Populism hits plan to rein in fiscal red ink
FPO confident of budgetary stability
The Finance Ministry is likely to delay its balanced budget goal if the new government strictly pursues populist campaign promises, says a senior official at the Fiscal Policy Office (FPO).
Even if the government is able to deliver a raft of populist measures that delay the balanced budget target, the effort would not deteriorate fiscal stability over the next 5-10 years, given the country's low public debt, said Pisit Puapan, director of the Macroeconomic Policy Bureau.
The Finance Ministry's think tank has not estimated how much populist campaign promises by the Pralang Pracharath Party (PPRP) and its allies would cost, he said.
Thailand has run a budget deficit since fiscal 1999, with the exceptions of 2005 and 2006. The Finance Ministry is eager to curb the deficit to strengthen its fiscal position as a cushion for any economic crisis that could erupt in the future.
The ministry recently estimated that the country would reach a balanced budget by 2026 if principal and interest payments were excluded, or by 2030 if they were included.
Mr Pisit said the government still has fiscal room to implement populist promises because the country's public debt, which stood at 42.1% of GDP at the end of April, is far below the 60% threshold set under the fiscal sustainability framework.
Moreover, the Fiscal Responsibility Act is another tool to help prevent the government from overspending on pork-barrel election promises, he said. The act, which has been enforced since April this year, is designed to maximise budget spending and prevent politicians from repeatedly using off-budget borrowing to finance projects.
According to the act, payment liabilities incurred from pork-barrel spending are capped at 30% of annual budget expenditure, the government's debt liabilities are capped at 35% of estimated revenue for that fiscal year, and the government must allocate 2.5-3.5% of annual budget for principal debt repayment.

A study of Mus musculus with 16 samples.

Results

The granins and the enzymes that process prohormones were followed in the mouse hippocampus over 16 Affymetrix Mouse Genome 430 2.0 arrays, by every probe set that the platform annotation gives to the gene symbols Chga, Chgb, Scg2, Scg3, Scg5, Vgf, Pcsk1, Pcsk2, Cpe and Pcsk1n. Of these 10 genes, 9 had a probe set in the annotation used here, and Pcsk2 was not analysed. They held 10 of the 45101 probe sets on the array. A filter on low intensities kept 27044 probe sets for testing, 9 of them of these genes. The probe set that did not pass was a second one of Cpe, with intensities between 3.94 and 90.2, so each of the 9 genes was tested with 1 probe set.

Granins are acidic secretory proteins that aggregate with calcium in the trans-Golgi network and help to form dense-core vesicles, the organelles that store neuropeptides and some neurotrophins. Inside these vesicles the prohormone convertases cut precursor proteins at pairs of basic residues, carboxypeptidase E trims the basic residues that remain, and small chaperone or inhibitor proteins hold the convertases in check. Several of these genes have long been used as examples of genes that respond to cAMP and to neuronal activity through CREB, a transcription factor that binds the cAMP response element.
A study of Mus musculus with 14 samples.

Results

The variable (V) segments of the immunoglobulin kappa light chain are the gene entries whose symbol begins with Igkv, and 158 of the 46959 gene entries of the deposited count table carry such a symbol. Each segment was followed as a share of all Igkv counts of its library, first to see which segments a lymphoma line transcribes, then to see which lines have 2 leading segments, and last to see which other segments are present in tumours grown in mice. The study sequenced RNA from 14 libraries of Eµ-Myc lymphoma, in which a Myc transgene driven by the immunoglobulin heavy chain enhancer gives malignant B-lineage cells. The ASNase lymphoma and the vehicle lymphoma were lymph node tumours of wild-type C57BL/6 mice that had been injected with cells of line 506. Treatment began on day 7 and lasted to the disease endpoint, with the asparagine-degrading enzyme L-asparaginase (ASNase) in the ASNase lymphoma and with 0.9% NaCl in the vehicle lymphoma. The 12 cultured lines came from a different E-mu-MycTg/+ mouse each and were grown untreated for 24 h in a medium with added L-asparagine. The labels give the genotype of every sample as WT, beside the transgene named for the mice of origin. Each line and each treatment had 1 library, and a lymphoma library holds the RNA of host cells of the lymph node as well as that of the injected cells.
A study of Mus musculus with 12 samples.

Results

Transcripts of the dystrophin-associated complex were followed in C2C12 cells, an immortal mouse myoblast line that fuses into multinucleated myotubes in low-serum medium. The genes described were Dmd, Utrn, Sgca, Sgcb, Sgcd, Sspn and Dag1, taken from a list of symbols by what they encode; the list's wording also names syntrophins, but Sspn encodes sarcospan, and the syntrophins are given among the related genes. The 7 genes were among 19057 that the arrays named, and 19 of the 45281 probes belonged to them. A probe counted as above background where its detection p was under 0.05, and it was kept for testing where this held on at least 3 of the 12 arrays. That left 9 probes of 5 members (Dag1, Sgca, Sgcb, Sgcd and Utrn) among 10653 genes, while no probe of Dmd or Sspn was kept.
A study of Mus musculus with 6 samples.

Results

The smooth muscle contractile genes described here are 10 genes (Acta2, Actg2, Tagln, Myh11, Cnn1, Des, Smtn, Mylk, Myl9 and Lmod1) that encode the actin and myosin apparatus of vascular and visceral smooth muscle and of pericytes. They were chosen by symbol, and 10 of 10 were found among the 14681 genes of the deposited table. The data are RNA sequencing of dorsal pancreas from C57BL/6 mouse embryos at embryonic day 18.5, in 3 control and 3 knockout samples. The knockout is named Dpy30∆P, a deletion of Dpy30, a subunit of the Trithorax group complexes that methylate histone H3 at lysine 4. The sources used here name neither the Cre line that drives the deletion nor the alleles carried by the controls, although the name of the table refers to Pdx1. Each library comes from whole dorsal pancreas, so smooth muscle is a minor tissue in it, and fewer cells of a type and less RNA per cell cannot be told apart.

Foreign-denominated public debt must not exceed 10% of the overall public debt and 5% of exports and services.
A slew of welfare policies were touted in the run-up to the general election, prompting concern as to whether such election promises would deteriorate Thailand's fiscal position.
State expenditure for fiscal 2020 is set at 3.2 trillion baht, up 200 billion baht from fiscal 2019, with a budget deficit of 450 billion baht, equal to that of the previous fiscal year.
In another development, Mr Pisit said the FPO is mulling which measures will be included in the economic stimulus package to be proposed to the new government.
Measures that could be used immediately are those to ramp up spending for 14.5 million welfare smartcard holders and increase state enterprise investment, he said.
For fiscal 2020 budget expenditure, expected to be 3-4 months late from the start of the fiscal year on Oct 1, 2019, Mr Pisit said it would have no affect on regular budget, as it can be disbursed based on the fiscal 2019 budget, but new investment cannot be done so.